What You Need To Know About Child Support Modification

When you are dealing with child support payments, no decision is ever final. At any time, there can be a change in circumstances where the amount of money paid will need to be adjusted. If support payments need to be modified, you need to keep the following points in mind.

Prove a Major Change in Your Financial Circumstances

One thing that is required to make changes to child support payments is proof that your finances have changed drastically. If you are the parent who receives the child support and need more money, you need to show that the current payment is not enough to meet your child's needs. If you are the parent who pays child support and needs the amount lowered, you will have to provide proof showing you do not have the adequate income to make your payments.

Another consideration is if your child has a sudden influx of needs, such as paying for medical treatments or school expenses.

Go to Court for Approval

Before you make any changes to your child support agreement, you need to get it approved in court. You cannot simply talk to each other and mutually agree to the changes in payments. While you can discuss your needs and figure out your needs, you need to have it solidified in court. This is to protect your child and ensures he or she is getting an appropriate amount of child support on a continual basis.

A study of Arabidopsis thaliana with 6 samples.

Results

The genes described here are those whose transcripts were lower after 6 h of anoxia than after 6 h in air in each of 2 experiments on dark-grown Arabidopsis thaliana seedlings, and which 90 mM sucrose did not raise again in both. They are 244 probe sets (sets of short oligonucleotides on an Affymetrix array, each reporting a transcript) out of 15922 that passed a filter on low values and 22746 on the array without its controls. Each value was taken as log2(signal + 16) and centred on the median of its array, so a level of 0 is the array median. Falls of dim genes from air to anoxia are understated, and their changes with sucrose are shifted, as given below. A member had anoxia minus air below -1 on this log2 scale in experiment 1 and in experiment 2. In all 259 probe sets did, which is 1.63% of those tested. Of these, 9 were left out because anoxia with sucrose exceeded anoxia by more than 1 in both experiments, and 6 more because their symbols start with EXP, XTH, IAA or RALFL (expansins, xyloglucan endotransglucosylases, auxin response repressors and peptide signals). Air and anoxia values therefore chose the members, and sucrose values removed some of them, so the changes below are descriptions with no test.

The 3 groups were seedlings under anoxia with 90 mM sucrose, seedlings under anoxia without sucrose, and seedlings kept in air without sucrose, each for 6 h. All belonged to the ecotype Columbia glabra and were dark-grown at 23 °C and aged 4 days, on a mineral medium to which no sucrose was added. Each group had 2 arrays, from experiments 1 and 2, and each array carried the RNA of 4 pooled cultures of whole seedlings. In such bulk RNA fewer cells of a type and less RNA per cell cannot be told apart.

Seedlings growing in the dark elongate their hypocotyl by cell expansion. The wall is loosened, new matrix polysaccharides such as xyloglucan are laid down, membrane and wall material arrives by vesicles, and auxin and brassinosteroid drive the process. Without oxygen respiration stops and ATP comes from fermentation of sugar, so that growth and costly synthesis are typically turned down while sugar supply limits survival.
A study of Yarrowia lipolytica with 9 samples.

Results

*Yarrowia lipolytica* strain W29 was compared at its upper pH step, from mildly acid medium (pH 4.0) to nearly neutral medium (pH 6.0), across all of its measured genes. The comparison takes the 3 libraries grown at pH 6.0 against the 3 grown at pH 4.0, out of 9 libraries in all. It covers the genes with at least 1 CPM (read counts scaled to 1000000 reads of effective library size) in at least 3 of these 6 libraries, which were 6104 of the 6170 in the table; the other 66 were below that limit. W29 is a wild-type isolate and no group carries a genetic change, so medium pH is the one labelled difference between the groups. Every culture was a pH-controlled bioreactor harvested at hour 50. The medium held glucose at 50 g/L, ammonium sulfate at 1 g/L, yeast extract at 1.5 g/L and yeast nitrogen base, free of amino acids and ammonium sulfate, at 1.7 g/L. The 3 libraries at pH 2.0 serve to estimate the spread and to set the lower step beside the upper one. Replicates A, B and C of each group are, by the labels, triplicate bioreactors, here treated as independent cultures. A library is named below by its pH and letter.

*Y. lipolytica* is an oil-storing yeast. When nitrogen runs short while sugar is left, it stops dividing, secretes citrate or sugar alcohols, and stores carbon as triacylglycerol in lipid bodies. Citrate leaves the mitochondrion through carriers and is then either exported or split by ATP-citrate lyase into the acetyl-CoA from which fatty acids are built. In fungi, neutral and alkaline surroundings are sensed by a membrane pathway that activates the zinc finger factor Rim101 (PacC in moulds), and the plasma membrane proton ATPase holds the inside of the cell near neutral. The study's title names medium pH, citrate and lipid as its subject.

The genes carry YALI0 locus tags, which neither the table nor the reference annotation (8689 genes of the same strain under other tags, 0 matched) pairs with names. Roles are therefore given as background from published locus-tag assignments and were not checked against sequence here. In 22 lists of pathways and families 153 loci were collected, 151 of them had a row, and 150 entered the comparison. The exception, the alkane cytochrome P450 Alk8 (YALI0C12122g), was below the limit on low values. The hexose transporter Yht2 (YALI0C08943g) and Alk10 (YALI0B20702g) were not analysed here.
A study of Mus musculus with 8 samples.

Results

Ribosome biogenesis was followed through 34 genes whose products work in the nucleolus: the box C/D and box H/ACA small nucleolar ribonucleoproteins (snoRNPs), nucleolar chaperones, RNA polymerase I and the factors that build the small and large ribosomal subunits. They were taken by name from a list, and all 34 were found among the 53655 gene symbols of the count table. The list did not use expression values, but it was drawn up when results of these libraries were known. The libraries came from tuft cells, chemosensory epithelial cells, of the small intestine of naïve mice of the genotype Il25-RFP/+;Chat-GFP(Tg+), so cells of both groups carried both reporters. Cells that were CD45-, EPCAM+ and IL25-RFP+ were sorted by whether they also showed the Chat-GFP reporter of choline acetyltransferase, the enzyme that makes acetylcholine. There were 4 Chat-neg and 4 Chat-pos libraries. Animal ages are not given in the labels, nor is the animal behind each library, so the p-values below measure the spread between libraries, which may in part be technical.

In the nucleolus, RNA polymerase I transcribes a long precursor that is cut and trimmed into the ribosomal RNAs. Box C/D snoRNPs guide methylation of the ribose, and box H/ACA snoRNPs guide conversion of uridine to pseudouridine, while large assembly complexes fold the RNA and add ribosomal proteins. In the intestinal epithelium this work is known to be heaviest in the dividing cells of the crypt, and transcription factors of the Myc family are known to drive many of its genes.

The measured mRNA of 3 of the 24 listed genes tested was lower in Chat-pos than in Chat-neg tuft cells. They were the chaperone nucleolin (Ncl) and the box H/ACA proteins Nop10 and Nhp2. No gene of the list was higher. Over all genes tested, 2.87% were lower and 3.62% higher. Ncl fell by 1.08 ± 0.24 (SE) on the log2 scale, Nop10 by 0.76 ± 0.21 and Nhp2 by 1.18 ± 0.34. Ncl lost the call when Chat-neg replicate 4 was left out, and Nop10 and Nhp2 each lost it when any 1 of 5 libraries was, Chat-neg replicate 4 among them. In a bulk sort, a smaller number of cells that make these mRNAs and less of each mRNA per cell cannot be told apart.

During court, a judge will look at your request. If the request is approved, the judge will then issue a new child support order.

It is very easy to go to court for a child support modification. You need to fill out the paperwork you can get from your local courthouse. You will also have to pay a fee. As long as the request is reasonable and fair, and the changes in circumstances can be proven, more than likely your modification request will be approved.

If one parent is not in agreement with the modification, a court hearing will likely be necessary. You will each need to have a good argument as to why the modification is or is not necessary. While an attorney is not required for a child support modification, it is best to have one retained if you feel like the process could be less than amicable. Your child support attorney will go through the process for you, so you and your former spouse do not quarrel during this process.